The Supreme Court of the United Kingdom on Tuesday ruled that the suspension of Parliament for five weeks by Prime Minister Boris Johnson was unlawful and commented that the “prolonged prorogation” was unusual, The Guardian reported. The decision was unanimous. “The effects on the fundamentals of democracy was extreme,” said Justice Lady Hale.
The court overturned the ruling of the English High Court and determined that it could rule on the matter, BBC reported. The decision on the matter was unanimous, Lady Hale added. On September 11, Scotland’s highest civil court had also ruled that Johnson’s decision was unlawful.
Johnson had asked Queen Elizabeth II to suspend Parliament for a month on August 28. This left a week between the MPs’ return from summer break and the suspension and no time for politicians to block a no-deal Brexit from happening. In a no-deal situation, the country would leave the Union immediately with no agreement about the procedure.
As a result of the government’s decision, MPs were supposed to return to Parliament only on October 14. Last month, the prime minister had refuted allegations that the suspension had anything to do with forcing the no-deal Brexit. He had also said that he did not want to wait till after Brexit to get on with “plans to take this country forward”. The United Kingdom is supposed to leave the European Union on October 31.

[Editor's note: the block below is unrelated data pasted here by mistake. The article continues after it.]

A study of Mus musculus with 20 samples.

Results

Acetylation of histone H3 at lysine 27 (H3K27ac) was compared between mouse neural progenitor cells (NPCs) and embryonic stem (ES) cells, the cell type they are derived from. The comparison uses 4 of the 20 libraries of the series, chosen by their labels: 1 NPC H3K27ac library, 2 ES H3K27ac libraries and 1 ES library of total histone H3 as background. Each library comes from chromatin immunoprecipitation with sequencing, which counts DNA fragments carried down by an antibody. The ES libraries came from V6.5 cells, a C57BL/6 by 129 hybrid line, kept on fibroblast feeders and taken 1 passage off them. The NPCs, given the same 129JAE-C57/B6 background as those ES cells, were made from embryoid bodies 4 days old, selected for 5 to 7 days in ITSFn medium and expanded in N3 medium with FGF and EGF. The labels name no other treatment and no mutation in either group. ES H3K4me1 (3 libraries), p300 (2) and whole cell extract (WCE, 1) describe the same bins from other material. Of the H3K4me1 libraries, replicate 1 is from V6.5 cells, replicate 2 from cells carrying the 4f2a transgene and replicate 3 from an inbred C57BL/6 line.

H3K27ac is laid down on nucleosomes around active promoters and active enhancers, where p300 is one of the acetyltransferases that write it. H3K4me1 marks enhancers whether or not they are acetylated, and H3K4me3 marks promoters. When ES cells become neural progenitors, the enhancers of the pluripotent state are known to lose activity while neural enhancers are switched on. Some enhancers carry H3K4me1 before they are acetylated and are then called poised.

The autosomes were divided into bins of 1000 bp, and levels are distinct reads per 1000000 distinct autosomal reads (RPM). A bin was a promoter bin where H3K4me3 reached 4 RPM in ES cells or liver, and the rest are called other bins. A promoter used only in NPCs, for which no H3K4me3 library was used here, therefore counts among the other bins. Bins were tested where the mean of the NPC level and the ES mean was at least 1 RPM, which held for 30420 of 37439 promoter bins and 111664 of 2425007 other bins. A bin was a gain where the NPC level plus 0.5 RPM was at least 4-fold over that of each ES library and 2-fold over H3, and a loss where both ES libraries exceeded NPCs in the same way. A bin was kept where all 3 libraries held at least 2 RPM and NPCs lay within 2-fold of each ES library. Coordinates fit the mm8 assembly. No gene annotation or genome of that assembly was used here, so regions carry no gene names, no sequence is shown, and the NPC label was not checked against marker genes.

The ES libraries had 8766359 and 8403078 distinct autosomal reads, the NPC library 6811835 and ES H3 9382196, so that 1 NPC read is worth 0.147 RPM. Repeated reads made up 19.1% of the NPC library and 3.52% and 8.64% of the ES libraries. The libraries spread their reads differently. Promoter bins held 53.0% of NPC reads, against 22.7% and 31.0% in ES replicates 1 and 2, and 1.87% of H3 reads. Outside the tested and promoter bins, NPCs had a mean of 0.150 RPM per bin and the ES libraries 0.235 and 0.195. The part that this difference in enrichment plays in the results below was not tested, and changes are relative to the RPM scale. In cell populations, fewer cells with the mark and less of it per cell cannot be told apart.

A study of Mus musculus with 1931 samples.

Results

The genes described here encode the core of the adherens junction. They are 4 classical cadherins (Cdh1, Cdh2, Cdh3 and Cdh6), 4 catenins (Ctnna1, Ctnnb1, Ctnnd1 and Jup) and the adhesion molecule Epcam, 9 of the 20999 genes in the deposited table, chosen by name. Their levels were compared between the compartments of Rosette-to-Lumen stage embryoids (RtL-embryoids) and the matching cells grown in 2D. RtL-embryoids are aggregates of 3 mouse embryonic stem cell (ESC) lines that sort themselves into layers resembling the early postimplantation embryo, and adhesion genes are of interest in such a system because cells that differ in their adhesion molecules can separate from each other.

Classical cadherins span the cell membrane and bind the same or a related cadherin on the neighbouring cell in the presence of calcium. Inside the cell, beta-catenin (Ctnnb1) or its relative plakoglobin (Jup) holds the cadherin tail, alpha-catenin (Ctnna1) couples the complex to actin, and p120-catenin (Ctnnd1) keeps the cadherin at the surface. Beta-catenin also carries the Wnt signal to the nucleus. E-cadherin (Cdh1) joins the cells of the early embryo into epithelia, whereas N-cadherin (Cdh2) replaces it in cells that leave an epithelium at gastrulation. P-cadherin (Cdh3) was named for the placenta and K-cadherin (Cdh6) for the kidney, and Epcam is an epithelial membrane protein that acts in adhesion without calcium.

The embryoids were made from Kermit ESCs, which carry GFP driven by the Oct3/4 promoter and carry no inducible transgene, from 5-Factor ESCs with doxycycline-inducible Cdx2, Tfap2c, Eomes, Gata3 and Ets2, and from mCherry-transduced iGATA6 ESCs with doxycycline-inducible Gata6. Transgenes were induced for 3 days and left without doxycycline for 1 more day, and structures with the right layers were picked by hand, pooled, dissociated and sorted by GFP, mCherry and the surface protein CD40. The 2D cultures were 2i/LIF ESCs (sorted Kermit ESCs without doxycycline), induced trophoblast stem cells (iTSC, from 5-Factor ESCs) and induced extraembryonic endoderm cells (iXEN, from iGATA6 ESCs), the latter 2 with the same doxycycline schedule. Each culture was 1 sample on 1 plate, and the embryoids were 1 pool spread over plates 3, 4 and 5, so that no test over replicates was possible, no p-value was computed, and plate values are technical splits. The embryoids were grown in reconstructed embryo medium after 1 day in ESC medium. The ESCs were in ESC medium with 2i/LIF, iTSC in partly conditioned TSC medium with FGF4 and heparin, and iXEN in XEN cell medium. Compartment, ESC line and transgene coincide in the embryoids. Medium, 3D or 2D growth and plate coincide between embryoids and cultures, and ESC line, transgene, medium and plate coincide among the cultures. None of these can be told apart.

A bill mandating Johnson to seek a three-month extension to the Brexit deadline was passed before the prorogation. According to the bill, the extension will have to be sought unless Parliament approves a Brexit deal or consents by October 31 to leave the European Union without one. Johnson has said he would rather be “dead in a ditch” than request such an extension. The bill prompted him to ask for an election in October. The MPs blocked his motion for snap polls.